A bit later last year Riyad came out in favour of Orange’s incarnation of the TyTN, the SPV M3100 and again the sliding keyboard was an important factor.
Now the sliding keyboard is back, but the P4350 doesn’t quite have the wow factor that the TyTN and SPV M3100 did, because it is rather less than leading edge in some other respects.
The most notable problem is that the P4350 is Quad-band GSM but lacks 3G. Given that Windows Mobile connected Pocket PCs are ideal for Web surfing and that the keyboard makes mobile email more attractive, the absence of 3G speed really bites. Bluetooth and Wi-Fi are both here, but there is no infra red.
This PDA is based on Windows Mobile 5.0 for Pocket PC Phone Edition. This has recently been surpassed by Windows Mobile 6. I expect the two versions of the OS to sit side by side on products in the market for a while, so this doesn’t immediately make the P4350 a poor choice. But there are some important improvements in Windows Mobile 6 and without them you aren’t getting the best available experience.
This Pocket PC takes a standard approach to design in that the front controls are underneath the screen while several additional controls sit on the left and right edges.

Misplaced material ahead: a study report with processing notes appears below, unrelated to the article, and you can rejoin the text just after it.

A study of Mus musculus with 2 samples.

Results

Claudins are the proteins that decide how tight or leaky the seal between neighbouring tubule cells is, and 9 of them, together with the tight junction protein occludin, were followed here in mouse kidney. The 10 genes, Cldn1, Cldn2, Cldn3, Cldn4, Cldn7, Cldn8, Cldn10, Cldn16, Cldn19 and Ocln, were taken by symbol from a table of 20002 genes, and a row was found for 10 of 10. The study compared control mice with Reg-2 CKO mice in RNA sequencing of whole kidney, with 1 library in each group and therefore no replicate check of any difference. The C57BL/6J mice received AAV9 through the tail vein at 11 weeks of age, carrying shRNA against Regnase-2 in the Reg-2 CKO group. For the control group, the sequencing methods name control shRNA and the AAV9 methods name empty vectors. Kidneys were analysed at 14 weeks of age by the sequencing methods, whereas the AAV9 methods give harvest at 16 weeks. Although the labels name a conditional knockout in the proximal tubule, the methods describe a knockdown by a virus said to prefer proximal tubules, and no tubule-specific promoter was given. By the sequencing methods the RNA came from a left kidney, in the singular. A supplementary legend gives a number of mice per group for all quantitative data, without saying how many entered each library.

On the left side there is a volume rocker and a button that activates the built-in camera and can then be used to shoot images. On the right is a shortcut button to the Windows Mobile Comm Manager for controlling wireless communications. A short press of this starts voice control software while a longer press lets you make a voice recording.
The front buttons are large, flat and frankly, ugly. They are all very easy to hit and are responsive enough but I just don’t like the look of them. Call and End buttons are on the far outside edges, with a navigation key in the centre and soft-menu rockers with OK and Start Menu functions in-between.
The screen is nothing special. It measures 2.8 inches corner to corner, delivers 240 x 320 pixels in that space, and handles 65,000 colours.
The P4350 is rather heavy at 170g, and you’ll be aware of its presence if you carry it in a pocket. Its ‘footprint’ is in keeping with the current crop of Pocket PCs though. It measures 109mm tall and 59mm wide, not much taller than many ordinary phones and not a huge amount wider.